Fear and Loathing in Las Vegas:Origins

The book is largely a fictionalized account of Thompson and attorney Oscar Zeta Acosta's actual trip to Las Vegas around the same time period. In real life, Thompson was to cover the Mint 400 motocross race for Sports Illustrated magazine in 1971, for which he was contracted to write photo captions. Coincidentally, he was also commissioned to cover a Las Vegas law enforcement convention for Rolling Stone magazine.

Before being asked to cover the race, Thompson was in Los Angeles, reporting on the murder of Reuben Salazar and the race riots that resulted from his death. Acosta was a prominent figure in the Chicano community and therefore a natural source for Thompson's story. Finding it difficult for a Hispanic to talk openly to a white reporter in L.A.'s tense atmosphere, Thompson and Acosta decided that Las Vegas would be a more comfortable place to work on the story. Thompson later wrote the majority of Fear and Loathing in a hotel room in Arcadia, California during his spare time while he finished writing the Salazar story for Rolling Stone (later published as Strange Rumblings in Aztlan) .

What was intended as a 250-word photo-captioning job/road trip snowballed into a novel-length feature for Rolling Stone magazine in November 1971. The text was eventually published as Fear and Loathing in Las Vegas. The novel was heralded as the "best book on the dope decade" by the New York Times and a "scorchingepochal sensation" by author Tom Wolfe.

In the book The Great Shark Hunt, Thompson refers to Fear and Loathing in Las Vegas as "a failed experiment in gonzo journalism," a guerrilla style of reporting that Thompson championed and publicized throughout his career. Allegedly based on William Faulkner's idea that "the best fiction is far more true than any kind of journalism — and the best journalists know this," it blends storytelling, fiction, and traditional journalism.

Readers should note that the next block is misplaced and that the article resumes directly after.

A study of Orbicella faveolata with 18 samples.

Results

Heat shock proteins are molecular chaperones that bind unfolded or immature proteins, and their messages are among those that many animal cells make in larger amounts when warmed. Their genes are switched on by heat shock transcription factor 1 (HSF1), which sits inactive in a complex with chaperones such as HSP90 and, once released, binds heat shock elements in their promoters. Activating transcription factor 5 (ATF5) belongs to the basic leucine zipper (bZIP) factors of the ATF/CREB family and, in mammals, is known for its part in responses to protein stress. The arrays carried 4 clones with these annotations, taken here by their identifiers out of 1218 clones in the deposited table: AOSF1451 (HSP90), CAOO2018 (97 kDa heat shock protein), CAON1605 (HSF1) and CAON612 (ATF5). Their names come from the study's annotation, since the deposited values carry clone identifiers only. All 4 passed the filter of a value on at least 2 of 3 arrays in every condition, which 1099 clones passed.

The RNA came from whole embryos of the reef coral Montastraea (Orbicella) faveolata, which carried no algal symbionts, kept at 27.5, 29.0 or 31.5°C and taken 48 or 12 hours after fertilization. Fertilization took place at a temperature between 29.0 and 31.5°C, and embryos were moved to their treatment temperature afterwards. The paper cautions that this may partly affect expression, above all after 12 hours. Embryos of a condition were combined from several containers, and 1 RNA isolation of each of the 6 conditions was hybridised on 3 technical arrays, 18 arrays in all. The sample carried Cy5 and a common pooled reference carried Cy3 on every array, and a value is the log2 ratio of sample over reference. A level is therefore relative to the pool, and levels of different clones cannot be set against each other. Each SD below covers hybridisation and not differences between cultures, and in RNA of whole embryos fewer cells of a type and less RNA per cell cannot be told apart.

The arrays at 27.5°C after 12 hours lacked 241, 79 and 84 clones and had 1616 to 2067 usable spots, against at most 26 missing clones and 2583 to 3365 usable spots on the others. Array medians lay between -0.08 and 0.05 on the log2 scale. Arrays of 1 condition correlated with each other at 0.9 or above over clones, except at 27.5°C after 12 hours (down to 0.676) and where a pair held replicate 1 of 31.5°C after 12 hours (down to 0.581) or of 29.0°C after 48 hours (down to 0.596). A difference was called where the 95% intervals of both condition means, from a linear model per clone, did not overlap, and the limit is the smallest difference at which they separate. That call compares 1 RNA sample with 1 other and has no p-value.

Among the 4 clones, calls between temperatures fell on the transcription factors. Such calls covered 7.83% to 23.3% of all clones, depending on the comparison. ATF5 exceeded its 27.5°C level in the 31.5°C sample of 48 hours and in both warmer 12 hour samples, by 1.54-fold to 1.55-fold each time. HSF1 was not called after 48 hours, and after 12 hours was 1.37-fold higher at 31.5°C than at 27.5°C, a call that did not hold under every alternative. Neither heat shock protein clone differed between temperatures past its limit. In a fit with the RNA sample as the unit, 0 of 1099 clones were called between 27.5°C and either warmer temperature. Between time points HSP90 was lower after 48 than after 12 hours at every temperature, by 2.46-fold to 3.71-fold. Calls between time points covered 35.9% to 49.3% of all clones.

As is true with most of Thompson’s writing, much of the book is based on actual events, however Thompson altered the details to such a degree that the work could easily be considered fiction. For example, the novel describes Duke attending both the motorcycle race and the narcotics convention within a few days time. In real life, both events did indeed take place in Las Vegas 1971, although they took place almost a month apart. For Thompson to have attended both, he would have likely had to leave Las Vegas for a number of weeks and then come back, severely compromising the frenzied premise of the novel.